Teens who allegedly killed musician in cold blood during robbery will be charged as adults
Five teens between the age of 12 and 16 have been arrested and charged with criminal homicide after shooting Nashville musician Kyle Yorlets outside of his home on Thursday.
According to the Nashville Police Department, the suspects —three boys, and two girls— were in a stolen Chevrolet Colorado pickup truck in an alley behind Yorlets’s home when they spotted him. They asked for his wallet, and he complied, but when the kids asked for his car’s keys, Kyle refused and was fatally shot.
The 24-year-old was able to get back inside his home, where his roommate found him. Yorlets was taken to Vanderbilt University Medical Center, where he was pronounced dead.
A few hours later, the Juvenile Crime Task Force, Youth Services detectives, and North Precinct detectives worked together to find and arrest the teens at a Walmart in West Nashville, according to a police press release.
Police identified three of the five suspects as Roniyah McKnight, 14, Diamond Lewis, 15, and Decorrius Wright, 16, o. Also charged are a 12-year-old girl and a 13-year-old boy, who according to Tennessee’s law, can be publicly identified.
They had a loaded nine-millimeter pistol, which had been reported stolen. And a second loaded gun, also stolen, was recovered from inside the store. Two vehicles they used to travel were also recovered, the pick-up truck, and a Hyundai Santa Fe stolen in Brentwood.
According to the Tennessean, prosecutors want to try all five of them as adults. However, the lawyer for the 12-year-old stated her client's case doesn’t belong in the adult court because she cooperated with the police following the arrest.
Assistant District Attorney Stacy Miller disagreed, stating in a hearing in juvenile court that the girl didn’t run from the scene or call the police to report the murder. “She’s as guilty as they are,” he said.
Police haven’t identified Yorlet’s shooter yet, but they confirmed all suspects know each other and are not strangers to the system or the police department.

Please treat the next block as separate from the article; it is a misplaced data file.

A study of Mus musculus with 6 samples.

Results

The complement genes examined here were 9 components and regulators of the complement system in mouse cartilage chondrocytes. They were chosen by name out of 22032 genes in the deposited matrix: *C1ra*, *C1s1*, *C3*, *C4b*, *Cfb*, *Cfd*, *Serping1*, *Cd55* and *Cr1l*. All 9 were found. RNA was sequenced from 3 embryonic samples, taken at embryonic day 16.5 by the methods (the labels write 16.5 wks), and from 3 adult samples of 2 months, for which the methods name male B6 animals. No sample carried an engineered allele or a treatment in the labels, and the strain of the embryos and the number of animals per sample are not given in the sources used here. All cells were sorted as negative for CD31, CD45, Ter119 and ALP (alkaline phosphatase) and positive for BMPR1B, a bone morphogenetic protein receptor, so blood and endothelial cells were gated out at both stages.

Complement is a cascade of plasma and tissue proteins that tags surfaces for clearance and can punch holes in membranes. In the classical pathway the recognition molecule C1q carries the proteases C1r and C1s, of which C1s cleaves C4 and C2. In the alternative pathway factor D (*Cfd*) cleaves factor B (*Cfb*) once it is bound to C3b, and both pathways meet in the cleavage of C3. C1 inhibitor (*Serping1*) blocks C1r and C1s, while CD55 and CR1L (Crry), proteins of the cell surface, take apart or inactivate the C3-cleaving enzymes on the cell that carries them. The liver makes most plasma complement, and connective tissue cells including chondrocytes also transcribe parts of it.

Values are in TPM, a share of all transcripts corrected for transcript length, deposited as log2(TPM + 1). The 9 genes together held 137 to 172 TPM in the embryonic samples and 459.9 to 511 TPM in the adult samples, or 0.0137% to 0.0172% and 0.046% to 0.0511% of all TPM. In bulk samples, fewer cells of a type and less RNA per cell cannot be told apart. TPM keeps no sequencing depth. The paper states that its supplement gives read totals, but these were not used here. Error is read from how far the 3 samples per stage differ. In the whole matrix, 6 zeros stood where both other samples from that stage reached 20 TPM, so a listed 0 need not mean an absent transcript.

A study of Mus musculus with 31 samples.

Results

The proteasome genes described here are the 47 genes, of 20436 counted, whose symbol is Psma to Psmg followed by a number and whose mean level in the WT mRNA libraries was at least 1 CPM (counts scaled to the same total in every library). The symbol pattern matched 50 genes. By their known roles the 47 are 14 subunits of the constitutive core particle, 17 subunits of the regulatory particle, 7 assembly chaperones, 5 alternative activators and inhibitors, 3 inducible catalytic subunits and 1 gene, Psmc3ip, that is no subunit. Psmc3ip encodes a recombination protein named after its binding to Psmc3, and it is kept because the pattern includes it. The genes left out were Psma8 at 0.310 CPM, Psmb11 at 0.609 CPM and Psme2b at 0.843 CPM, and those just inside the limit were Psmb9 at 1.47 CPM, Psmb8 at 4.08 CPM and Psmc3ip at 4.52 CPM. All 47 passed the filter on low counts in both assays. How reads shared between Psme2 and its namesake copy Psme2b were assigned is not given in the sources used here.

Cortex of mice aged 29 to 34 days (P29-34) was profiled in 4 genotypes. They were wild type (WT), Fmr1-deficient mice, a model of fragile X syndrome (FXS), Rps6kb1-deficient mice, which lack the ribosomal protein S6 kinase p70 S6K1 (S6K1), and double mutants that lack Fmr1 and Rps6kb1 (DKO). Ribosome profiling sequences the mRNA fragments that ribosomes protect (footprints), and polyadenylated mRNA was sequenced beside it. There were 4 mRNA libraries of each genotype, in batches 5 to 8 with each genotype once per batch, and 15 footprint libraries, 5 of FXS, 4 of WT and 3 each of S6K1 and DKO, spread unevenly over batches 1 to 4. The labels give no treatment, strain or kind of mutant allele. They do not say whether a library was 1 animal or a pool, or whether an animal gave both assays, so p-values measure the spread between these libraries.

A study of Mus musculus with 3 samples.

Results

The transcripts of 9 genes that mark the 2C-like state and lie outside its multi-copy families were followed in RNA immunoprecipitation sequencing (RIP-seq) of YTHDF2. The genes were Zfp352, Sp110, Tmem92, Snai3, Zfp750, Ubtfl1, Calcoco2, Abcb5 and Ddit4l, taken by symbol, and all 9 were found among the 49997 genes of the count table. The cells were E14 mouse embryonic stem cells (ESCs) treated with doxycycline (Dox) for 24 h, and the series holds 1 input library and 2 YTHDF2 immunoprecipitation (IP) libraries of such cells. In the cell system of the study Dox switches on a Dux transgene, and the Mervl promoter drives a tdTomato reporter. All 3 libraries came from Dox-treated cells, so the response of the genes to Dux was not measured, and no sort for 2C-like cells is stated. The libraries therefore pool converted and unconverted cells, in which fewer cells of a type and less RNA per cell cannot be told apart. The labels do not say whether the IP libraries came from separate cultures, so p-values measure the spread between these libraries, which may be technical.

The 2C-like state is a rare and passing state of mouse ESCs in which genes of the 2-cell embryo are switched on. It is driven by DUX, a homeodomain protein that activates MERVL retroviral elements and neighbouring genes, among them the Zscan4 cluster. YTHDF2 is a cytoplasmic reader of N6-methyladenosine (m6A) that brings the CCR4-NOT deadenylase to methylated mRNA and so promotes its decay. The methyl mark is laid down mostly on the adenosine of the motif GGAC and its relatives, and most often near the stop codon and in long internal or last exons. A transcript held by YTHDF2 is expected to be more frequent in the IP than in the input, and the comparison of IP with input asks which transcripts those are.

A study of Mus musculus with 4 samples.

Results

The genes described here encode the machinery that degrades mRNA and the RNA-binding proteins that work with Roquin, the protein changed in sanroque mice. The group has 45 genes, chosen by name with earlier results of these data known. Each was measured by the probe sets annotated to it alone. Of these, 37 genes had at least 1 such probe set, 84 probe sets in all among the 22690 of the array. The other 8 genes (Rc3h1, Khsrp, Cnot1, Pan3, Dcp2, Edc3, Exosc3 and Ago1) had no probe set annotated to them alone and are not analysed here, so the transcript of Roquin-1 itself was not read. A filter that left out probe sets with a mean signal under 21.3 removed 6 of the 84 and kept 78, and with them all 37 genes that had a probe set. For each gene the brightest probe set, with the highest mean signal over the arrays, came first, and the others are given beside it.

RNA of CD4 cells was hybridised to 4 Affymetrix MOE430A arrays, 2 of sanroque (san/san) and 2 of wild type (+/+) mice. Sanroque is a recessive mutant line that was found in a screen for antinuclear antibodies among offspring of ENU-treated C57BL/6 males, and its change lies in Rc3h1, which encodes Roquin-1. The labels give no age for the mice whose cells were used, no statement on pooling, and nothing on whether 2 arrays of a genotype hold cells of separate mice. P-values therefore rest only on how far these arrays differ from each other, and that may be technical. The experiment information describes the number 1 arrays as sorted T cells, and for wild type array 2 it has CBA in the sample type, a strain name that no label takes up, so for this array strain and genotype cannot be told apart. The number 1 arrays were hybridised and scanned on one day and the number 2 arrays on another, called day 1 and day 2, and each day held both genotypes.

Police spokesman Don Aaron revealed that the department’s involvement in the case started early Thursday as the searched for the 12-year-old girl, who had run away from home. The investigation led them to find some Snapchats that showed the girl with other teens in a car and guns.
After Yorlets’ shooting, witnesses told officers they saw several young people run to a pickup truck.
“As we began looking at the descriptions provided by witnesses on Torbett Street it became clear that the persons with the 12-year-old were likely the same ones in the pickup truck," Aaron said.
Is not clear yet how the police were able to track the teens from Yorlets’ home to the Walmart where they were arrested.
Kyle Yorlets was born in Carlisle, Pennsylvania, graduated from Belmont University and was a member of the Nashville-based band Carverton.
The band posted a tribute to him on its Facebook page on Friday that read:
“On February 7, 2019, we lost our brother, best friend, and bandmate Kyle Yorlets. We are in a state of shock and are having to grasp the reality that is now in front of us. We are heartbroken. Our condolences for his family and loved ones and all the lives that he touched. We will never forget Kyle, and though he is gone too soon, his legacy is here to stay.”
On another instance of kids handling weapons, tragedy struck Maricopa last October when a young boy shot and killed his grandmother for not wanting to clean his room before he turned the gun on himself.
Doyle Herbert and his wife Yvonne Woodard from Litchfield Park, Phoenix, Arizona, had asked their grandson numerous times to clean his room, but the boy was being stubborn and refused.
The 11-year-old boy then decided to put an end to everything around 5 pm, when he approached his grandparents from behind while they were watching television and shot Woodard in the back of the head. SHocked, Doyle tried to run after his grandson, but then returned to his wife's side to dial 911.
While on the phone, he heard the second gunshot and saw his grandson take a few steps before he fell to the ground.
According to the Maricopa County Sheriff’s Office, the gun belonged to Herbert, and there has been no indication that the boy would hurt anyone or himself.